From the Gelasian Sacramentary (7th Century) until the calendar reforms of Vatican II, the ninth Sunday before Easter was called “Septuagesima”, and the eighth Sunday before Easter (this year, this coming Sunday, 12 February 2023) was called “Sexagesima”. The third Sunday in this sequence, the last Sunday before Ash Wednesday (starting Lent), was Quinquagesima. 

Sexagesima was a term already used in the Fourth Council of Orleans in 541. The Ordo Romanus, Alcuin, and others count the Sexagesima (60 days) from this day to Wednesday after Easter.

It interests me that, prior to the Vatican II reforms, from Septuagesima right through up to (but not including) the Last Sunday after Pentecost (the Sunday next before Advent) – that whole block of at least 40 Sundays in the church year (I think I’ve got that right!) were linked and moved with the date of Easter. And underneath and behind this block of at least 40 Sundays with their set collect, introit, readings etc. were, hence, possible links back to the Jewish calendar.

Traditionalist Catholics, the Ordinariate, and Lutherans continue this sequence.

Ordinary Time

Since Vatican II, the Church Year was re-designed. Now, rather than moving with Easter, Sundays in Ordinary Time stay close to a date in the Solar Year. For example, this coming Sunday, Ordinary 6, is always between 11-17 February.

There is nothing “ordinary” about “Ordinary Time”. Ordinary Time is not about common, regular, mundane, or run of the mill. Ordinary Time comes from the word “ordinal” as in “ordinal numbers”. Remember your Maths: Cardinal numbers answer “how many?” “Ordinal Numbers” tell the rank, they answer “what position?” Ordinal Numbers are first, second, third, fourth, etc.

There are normally fifty-two weeks in a year. These are made up of the Advent, Christmas, Lent, and Easter Seasons. Normally that leaves thirty-three weeks of “Ordinary Time” (there are 34 for those years with 53 Sundays – in normal years, a Sunday is dropped out in the Lent/Easter Seasons period). Those weeks start from The Baptism of the Lord up to Lent, and start again at the Day of Pentecost.

If you are interested, read more about Ordinary Time here

New Zealand’s Anglican Lectionary booklet jumps from the “4th Sunday of the Epiphany” to the next week being the “5th Sunday in Ordinary Time” – with no explanation of why it starts on the 5th Sunday and not the 1st Sunday in Ordinary Time.

Ordinary 6

Resources beyond this site:
Preaching Resources Down Under
Girardian Reflection on the Lectionary

A Collect Suggested in NZ

God of Israel old and new,
write in our hearts the lesson of your law;
prepare our minds to receive the gospel
made visible in your Son Jesus Christ our Saviour.

This is a collect for Sunday suggested in the NZ Anglican lectionary booklet (and in the 2020-published book called “A New Zealand Prayer Book” – in the section of that book called Season after Pentecost – even though there is no such “Season” in contemporary NZ Anglicanism, and furthermore, this Ordinary Sunday always falls prior to the Day of Pentecost.)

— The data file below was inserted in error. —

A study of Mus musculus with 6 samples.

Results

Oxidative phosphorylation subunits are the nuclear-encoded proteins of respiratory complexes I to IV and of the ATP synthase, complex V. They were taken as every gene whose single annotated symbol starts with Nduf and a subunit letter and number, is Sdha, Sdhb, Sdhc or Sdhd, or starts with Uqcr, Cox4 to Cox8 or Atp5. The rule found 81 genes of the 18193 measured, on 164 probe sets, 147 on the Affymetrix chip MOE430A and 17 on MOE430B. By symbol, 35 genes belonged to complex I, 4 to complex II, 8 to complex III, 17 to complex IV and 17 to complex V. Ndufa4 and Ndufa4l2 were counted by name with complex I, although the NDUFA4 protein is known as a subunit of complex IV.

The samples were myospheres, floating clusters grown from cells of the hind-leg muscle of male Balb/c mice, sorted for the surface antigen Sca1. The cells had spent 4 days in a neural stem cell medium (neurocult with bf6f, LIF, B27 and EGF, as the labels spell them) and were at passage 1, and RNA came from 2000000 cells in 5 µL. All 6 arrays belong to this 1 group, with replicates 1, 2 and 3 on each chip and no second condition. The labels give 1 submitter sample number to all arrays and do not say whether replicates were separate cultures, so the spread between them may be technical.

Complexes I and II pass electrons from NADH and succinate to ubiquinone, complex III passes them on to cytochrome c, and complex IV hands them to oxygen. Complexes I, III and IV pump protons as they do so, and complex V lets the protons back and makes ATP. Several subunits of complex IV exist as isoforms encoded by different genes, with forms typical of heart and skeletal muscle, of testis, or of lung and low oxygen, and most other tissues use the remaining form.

Can someone please explain to me what we are being asked to pray for when we pray “God of Israel old and new”?!

Option 1: “old and new” describes/modifies “Israel” – so, we are being asked to pray about the “old Israel” and the “new Israel”. I’m struggling to work out what these two Israels are: the Israel at the time of the Bible, and the State of Israel after 1948? And the prayer says God is god of both? This is rather surprising in a Prayer Book where the Psalter and some canticles systematically removed the words “Israel” and “Zion” where they could be understood as supporting the post-1948 State of Israel! [One of the biggest controversies around the NZ Prayer Book].

Option 2: “old and new” describes/modifies “God” – so this affirms a sort of Process Theology where God is changing.

In either case, I don’t think everyone in the gathered community can give their “Amen” [or worse, as so many NZ Anglican communities do – everyone says the collect together. In some communities, of course, people do not get a chance to see what they are affirming – the next slide comes up on the screen and you are required to just do what it says].

In NZ Anglicanism, the Anglican Church of Or, the collect is optional at the eucharist: you can use a given collect, some use any number of collects, the presider can proclaim it (or any other person can do so) and the community can say “Amen”, or all say the collect(s) together; you can draw the collect(s) from any source; you can make up a collect (including on the spur of the moment); you can address the collect to God, Jesus, any member of the Trinity, the Blessed Virgin Mary, or any Saint – or have it as a wish, not addressed to anyone; or you can omit the collect(s) altogether. So don’t regard the collect in the NZ lectionary booklet (and “2020NZPB”) as having any binding effect (other than it being a formulary which we are bound to believe!)